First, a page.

Strange, it seem to me that people have been saying things like this for years:
“If you said, ‘What’s it going to take to produce 30% more energy reliably?’ that is a massive undertaking. That isn’t something we’re going to do by tweaking a power plant here or there,” Sitton told FOX Business, pointing to grid issues California already faces with regular brownouts using its current power systems. “There’s already challenges … so to say in the next 10 to 15 years we’re going to increase our electric demand by 20 to 30%, that’s huge.”
“That will take orders of magnitudes of investment,” Sitton said.
No [excrement] Sherlock.
Anecdote: I work in the transit industry…our company contracts with transit agencies.
One of our customer agencies invited us for a “show and tell” a few years ago because they’d purchased a bunch of brand new Electric buses and had the charging station infrastructure installed to “fuel” them.
There were four charging stations installed and the huge transformers and cables and other very extensive physical infrastructure required to power those stations.
The problem is that the local power grid couldn’t handle it and was going to have to be upgraded so at the time of the “show and tell” only two of the charging stations were activated and only at half capacity.
That was for servicing just 8 buses.
Electric buses have significantly less range than diesel powered buses so to maintain the same level of service (same number of buses on the street at any given time) you would need something like 30% more E-buses than traditional. The agency in question had at the time somewhere around 1,000 traditional buses. So to completely replace their entire fleet and maintain their level of service, they’d need about 1,300 E-buses.
Here’s my math: Let’s say a fully charged bus can get 6 hours out of a charge (probably optimistic). Let’s further say that the bus can be fully charged in 2 hours on one of these charging stations (EXTREMELY optimistic). That’s an entire cycle of run/charge of 8 hours. Let’s further say that they can successfully keep each charging station occupied with a charging bus for the full 24 hours a day.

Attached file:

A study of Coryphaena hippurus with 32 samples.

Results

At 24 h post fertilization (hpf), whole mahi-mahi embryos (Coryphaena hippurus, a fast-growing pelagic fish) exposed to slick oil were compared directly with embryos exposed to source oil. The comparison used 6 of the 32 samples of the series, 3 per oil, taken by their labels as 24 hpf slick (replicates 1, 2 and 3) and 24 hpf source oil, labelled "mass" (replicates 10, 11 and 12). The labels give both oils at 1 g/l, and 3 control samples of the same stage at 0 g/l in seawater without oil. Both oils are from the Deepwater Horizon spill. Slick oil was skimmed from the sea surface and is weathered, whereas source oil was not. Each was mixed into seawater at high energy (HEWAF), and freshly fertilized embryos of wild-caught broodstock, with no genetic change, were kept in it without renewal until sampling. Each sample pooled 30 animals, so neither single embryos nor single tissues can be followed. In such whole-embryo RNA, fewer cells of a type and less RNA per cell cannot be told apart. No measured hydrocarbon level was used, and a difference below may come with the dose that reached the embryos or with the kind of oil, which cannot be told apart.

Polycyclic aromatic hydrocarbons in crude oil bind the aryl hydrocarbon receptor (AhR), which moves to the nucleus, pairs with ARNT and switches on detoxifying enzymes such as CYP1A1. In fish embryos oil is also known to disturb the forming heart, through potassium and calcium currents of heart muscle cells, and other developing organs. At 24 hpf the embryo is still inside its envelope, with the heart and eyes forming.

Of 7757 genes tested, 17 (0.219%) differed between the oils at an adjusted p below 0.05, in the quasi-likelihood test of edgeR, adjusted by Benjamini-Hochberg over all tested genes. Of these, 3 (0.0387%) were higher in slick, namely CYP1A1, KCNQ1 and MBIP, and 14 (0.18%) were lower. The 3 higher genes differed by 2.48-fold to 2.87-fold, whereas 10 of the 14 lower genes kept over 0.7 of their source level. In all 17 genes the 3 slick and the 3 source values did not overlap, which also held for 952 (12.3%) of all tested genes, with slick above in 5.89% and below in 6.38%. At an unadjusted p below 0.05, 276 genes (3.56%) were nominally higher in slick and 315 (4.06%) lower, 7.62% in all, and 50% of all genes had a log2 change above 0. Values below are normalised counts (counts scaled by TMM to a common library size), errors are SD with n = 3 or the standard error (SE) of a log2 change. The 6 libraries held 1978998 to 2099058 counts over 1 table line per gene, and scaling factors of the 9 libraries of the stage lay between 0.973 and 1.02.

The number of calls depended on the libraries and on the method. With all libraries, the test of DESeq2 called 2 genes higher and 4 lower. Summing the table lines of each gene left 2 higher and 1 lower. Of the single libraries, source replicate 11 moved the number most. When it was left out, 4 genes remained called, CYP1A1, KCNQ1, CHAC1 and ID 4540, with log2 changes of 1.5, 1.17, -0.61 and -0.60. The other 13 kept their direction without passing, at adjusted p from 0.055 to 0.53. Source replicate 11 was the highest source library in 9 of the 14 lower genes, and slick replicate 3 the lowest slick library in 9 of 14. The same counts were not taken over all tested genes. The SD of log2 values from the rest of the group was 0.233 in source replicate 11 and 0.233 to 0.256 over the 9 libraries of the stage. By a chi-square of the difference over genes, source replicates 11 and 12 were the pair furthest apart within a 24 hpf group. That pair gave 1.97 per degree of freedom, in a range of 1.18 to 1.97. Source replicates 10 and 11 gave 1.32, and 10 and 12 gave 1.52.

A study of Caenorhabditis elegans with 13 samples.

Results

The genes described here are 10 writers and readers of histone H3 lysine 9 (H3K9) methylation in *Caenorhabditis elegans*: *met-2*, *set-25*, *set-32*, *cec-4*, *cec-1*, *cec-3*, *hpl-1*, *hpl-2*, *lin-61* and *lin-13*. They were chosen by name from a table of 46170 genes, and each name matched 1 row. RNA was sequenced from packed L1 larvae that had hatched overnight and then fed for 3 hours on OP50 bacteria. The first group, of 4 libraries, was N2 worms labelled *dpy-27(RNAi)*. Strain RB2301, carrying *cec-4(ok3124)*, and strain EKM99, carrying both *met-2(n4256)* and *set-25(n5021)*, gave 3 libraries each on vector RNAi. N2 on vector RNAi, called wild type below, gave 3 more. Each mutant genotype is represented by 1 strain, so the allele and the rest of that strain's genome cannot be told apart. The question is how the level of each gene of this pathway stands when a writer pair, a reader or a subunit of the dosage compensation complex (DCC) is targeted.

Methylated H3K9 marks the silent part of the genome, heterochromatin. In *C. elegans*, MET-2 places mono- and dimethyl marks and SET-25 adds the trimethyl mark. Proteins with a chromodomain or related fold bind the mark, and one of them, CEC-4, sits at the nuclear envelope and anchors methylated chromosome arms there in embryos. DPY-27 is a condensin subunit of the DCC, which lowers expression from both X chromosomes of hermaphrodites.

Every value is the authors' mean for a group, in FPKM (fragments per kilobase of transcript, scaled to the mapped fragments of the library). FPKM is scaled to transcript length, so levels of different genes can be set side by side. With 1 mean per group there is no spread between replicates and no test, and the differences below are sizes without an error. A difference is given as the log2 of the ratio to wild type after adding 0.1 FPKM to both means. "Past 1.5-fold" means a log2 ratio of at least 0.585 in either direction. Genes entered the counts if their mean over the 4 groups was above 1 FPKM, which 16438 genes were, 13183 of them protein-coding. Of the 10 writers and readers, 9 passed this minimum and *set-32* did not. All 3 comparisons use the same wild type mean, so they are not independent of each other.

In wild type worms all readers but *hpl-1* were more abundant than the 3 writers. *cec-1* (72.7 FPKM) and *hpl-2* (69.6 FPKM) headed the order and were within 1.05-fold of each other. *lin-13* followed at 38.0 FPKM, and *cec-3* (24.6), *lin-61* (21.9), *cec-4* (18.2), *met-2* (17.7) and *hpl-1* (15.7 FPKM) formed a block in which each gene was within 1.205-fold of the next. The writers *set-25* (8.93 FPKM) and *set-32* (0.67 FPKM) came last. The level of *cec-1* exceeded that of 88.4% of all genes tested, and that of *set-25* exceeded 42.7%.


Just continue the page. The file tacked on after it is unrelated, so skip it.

So, each bus would have to be charged a maximum of 3 times per day Not all buses run the full 24 hour cycle so lets just say an average of 2 charges per vehicle per day for the fleet. That’s 4 hours on the charger per vehicle per day, so each charging station would be able to support 6 buses over the course of 24 hours.
So, for a fleet of 1300 buses, they would need TWO HUNDRED SIXTEEN of these charging stations…of which the installation of four completely overloaded the existing power supply infrastructure.
That’s just the transit agency of one city. Multiply that times every city in the US with a population over, say, 300k, then add the 200 million or so privately owned vehicles and the 100 million or so commercially owned passenger vehicles and small trucks, plus the trucking industry, plus government vehicles including Police and Emergency vehicles.
You would have to be certifiably insane to think that the prospect of going to completely electric vehicles within the next century is remotely plausible.
So, are the people who are advocating these types of things insane? Or are they just lying to us?